A Case Treated by Dr. Monica Pearl

Lymphatic malformations are a type of low-flow congenital vascular malformation. First line of therapy for this type of lesion is percutaneous sclerotherapy. This baby was treated with a single sclerotherapy session with doxycycline at three months of age. Clinical and ultrasonographic follow-up at one year showed no recurrence.

This is a black and white, sagittal T2 and T1-post gadolinium weighted images show a T2 hyperintense, unilocular, peripherally enhancing left neck mass consistent with a macrocystic lymphatic malformation.

Sagittal T2 and T1-post gadolinium weighted images show a T2 hyperintense, unilocular, peripherally enhancing left neck mass consistent with a macrocystic lymphatic malformation.

The right side shows a baby with a large mass in her or his neck. The left side shows an x-ray image of the mass within the baby's neck. The lymphatic malformation is treated by percutaneous sclerotherapy, in which a small needle is placed into the lesion and a sclerosing agent is injected.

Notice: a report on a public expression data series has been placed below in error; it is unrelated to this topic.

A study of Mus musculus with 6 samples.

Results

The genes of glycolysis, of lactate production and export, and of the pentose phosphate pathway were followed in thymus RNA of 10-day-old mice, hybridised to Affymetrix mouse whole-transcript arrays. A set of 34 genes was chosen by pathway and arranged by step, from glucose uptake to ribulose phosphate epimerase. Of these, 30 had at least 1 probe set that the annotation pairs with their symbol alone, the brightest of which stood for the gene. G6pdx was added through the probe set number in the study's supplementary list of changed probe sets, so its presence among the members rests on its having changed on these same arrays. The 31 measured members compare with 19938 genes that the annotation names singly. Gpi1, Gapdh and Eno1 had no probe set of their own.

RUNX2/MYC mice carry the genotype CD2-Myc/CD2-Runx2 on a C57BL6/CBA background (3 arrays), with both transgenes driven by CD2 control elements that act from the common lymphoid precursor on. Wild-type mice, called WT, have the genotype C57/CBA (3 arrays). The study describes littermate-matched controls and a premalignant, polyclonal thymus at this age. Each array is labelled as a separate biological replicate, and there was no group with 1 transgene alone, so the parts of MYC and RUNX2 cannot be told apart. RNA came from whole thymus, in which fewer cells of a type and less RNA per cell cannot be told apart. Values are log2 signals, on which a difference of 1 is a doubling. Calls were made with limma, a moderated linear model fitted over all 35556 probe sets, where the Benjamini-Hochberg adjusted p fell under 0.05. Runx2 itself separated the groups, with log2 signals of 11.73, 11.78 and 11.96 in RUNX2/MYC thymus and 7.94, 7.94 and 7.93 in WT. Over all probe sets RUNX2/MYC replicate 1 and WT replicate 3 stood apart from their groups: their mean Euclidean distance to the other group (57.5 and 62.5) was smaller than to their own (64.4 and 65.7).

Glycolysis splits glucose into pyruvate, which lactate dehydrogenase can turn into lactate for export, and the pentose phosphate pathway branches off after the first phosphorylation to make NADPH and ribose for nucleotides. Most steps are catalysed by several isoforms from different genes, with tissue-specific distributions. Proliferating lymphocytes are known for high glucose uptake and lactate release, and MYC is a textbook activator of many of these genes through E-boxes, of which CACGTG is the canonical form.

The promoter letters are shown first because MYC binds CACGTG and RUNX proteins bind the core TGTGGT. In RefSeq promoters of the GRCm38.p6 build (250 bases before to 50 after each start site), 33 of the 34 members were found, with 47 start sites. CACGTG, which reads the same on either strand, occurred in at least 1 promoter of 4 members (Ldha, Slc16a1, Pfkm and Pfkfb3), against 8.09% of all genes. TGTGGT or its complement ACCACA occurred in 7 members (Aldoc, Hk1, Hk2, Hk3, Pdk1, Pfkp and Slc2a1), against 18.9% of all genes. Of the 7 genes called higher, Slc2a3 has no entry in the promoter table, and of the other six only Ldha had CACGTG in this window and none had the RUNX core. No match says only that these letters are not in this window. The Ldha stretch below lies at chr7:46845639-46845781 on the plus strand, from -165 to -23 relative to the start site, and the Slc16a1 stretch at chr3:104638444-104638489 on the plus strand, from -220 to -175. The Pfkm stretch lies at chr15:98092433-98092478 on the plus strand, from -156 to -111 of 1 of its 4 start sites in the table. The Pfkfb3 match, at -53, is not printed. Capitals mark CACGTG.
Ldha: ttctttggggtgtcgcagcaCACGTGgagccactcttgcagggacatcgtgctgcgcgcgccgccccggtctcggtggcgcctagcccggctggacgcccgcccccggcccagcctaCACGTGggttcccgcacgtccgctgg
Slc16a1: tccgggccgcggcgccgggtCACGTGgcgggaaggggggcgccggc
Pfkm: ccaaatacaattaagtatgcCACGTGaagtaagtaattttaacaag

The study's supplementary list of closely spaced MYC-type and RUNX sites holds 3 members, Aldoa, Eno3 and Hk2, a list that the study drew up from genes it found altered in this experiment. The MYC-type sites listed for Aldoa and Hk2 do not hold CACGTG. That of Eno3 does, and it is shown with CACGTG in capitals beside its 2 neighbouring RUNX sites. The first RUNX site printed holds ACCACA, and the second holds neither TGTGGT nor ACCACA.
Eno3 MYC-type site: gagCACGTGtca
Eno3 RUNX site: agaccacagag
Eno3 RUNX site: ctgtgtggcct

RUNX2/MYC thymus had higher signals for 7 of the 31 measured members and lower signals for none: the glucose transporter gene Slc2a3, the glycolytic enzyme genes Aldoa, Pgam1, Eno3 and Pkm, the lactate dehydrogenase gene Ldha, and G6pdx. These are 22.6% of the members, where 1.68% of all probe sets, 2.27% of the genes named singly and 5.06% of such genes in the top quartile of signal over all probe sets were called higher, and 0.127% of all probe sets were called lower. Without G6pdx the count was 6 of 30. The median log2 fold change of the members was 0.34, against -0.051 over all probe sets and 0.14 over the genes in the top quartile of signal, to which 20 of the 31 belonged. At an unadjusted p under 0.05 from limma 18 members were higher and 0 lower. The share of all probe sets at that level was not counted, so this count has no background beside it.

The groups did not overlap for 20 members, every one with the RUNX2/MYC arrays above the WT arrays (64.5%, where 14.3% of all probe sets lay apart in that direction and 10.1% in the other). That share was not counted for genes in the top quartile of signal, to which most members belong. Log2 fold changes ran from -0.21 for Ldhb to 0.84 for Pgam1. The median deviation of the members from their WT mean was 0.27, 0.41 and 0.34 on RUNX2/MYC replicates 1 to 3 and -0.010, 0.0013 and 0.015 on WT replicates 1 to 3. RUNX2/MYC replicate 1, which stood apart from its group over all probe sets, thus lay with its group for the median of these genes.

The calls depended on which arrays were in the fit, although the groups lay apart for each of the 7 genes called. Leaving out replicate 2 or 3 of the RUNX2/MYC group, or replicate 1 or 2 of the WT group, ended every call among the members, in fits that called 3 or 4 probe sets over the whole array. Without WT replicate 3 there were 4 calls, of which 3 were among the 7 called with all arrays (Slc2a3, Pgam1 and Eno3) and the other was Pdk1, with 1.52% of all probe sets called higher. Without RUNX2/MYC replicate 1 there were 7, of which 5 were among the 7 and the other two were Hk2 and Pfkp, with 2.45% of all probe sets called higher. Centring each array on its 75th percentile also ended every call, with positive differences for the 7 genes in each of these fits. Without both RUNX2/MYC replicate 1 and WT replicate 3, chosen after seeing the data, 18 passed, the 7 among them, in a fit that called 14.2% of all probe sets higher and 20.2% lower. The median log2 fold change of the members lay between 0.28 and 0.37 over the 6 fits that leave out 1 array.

The lymphatic malformation is treated by percutaneous sclerotherapy, in which a small needle is placed into the lesion and a sclerosing agent is injected.

You can watch the video of the contrast injection here.

Clinical photograph 2 weeks after the procedure shows no visible mass. No residual lymphatic malformation was present at one year. The floppy skin overlying the left neck continues to involute.

Clinical photograph 2 weeks after the procedure shows no visible mass. No residual lymphatic malformation was present at one year. The floppy skin overlying the left neck continues to involute.

Publication:

Puttgen K, Pearl M, Tekes A, Mitchell S. Update on pediatric extracranial vascular anomalies of the head and neck. Childs Nerv Syst. 2010 Oct; 26 (10): 1417-33. Epub 2010 Aug 10.